In today’s Philadelphia Inquirer I have an op-ed about how immigration could be used to increase house prices. I’ll put the whole thing below the fold, but it’s also worth noting another recent study that supports the results of the study I cite in my piece. Importantly, this study provides evidence that immigration raises house prices even in housing markets with low price inflation and rent control, and even when the immigration amounts are modest. The impact they find, which is for Switzerland, is that a 1% increase in immigration causes a 2.7% increases in home prices. To my knowledge it is still the case that every study on this issue, which is admittedly few, has found that immigration has a positive impact on house prices.

Here is what I wrote in the Inquirer, with more below the fold:

Amid reports of continuing declines in home prices, it’s safe to say that government policies designed to prop up those prices have failed. More than 14 percent of home mortgages are delinquent or in foreclosure, and 23 percent of homeowners owe more on their homes than they’re worth. At this point, it may seem as if we have to let prices fall until they find a bottom.

But we haven’t yet tried one of the easiest and least costly options for helping the housing market: more immigration.

The market’s biggest problem is the surprisingly simple fact that we have too many houses and not enough households. Over the past 10 years, a lot of new houses were built. And, from 2000 to 2005, we had the household growth to match.

More recently, however, household growth has slowed dramatically, leaving us with as many as three million fewer new households than prior growth rates created. The main explanation for this drop in household growth, in fact, is slowing immigration. The resulting disparity left us with three million additional vacant housing units.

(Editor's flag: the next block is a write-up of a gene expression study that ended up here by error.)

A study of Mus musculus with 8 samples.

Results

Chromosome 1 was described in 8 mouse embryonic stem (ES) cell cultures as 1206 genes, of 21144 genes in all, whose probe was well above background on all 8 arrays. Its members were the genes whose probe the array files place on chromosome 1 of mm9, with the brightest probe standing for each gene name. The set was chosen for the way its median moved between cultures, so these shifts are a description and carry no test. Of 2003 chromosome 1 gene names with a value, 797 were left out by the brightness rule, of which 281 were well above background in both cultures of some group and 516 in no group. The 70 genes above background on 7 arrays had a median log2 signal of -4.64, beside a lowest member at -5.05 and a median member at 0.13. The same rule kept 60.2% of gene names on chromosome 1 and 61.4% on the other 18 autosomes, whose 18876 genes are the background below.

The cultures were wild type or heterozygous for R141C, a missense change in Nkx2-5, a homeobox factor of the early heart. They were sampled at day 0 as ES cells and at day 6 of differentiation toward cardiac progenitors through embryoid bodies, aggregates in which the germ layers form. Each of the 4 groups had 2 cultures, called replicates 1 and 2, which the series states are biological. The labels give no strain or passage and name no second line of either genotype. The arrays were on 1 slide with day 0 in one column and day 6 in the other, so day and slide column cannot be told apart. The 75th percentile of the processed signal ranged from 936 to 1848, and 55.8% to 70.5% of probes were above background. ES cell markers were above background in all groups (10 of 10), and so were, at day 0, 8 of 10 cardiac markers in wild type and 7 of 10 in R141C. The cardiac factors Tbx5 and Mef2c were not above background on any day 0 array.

Where does this leave us in terms of stabilizing house prices? As anyone taking Economics 101 learns, prices are determined by supply and demand. To make house prices higher, you have to either decrease supply or increase demand.

The supply side of the equation has been doing its part, as evidenced by the dismal state of the construction industry. There were fewer housing starts in 2009 than in any year since the end of World War II. New-home permits, another measure of supply, dropped to 583,000 in 2009, compared with 2.16 million in 2005 and an average of 1.32 million in the 1990s.

Production can only contract so much, and the more the housing industry slows, the worse unemployment gets. That further dampens housing demand, creating a vicious cycle.

All of this leaves us with demand. The government tried to increase demand for houses with an $8,000 tax credit for first-time home buyers and a $6,500 credit for repeat buyers. Unfortunately, this didn’t appear to have a lasting impact on prices. Instead, it just shifted demand to the near term.

Fortunately, though, there is the untapped option of allowing more legal immigration. New immigrants need places to live, and, whether they buy or rent, more housing demand decreases vacancies and increases prices.

Some may object that immigrants won’t buy houses, but the evidence suggests otherwise. We know immigrants buy homes because immigrants made up nearly a third of the growth in American homeownership between 2001 and 2007. University of Pennsylvania economist Albert Saiz has estimated that an influx of immigrants equal to 1 percent of the country’s population will raise house prices by an equivalent proportion.

One potential drawback of this approach is that it would bring more job seekers into the country at a time when unemployment is already high. But that shouldn’t be a problem for several reasons.

First, research has generally shown that immigration has at the most a small negative impact on wages and employment among high school dropouts, and a positive effect for everyone else. The downside could be mitigated by policies encouraging skilled as well as unskilled immigrants to enter the country. In addition, recent research indicates that immigration heads off outsourcing, increasing wages and employment for everyone.

Second, even if immigration does have a negative effect on wages and employment among high school dropouts, the impact on house prices and rents will be of “an order of magnitude bigger than that found in labor markets,” according to Saiz. This suggests that the beneficial economic impacts of rising house prices, along with other positive effects such as new consumption, are likely to offset the minor negative consequences for labor markets.

Finally, because the worst housing markets are in places that typically experience the highest immigration – such as California, Florida, and Arizona – admitting more immigrants will have the greatest benefit in the markets that need it most.

Everyone, including renters, has an interest in stopping the downward spiral of house prices. Low house prices mean taxpayers foot a larger bill for Fannie Mae and Freddie Mac. They also lead to more foreclosures, which are blighting neighborhoods and draining public services nationwide.

Improving the housing market would help the economy recover, and the best tool we have for achieving that is immigration.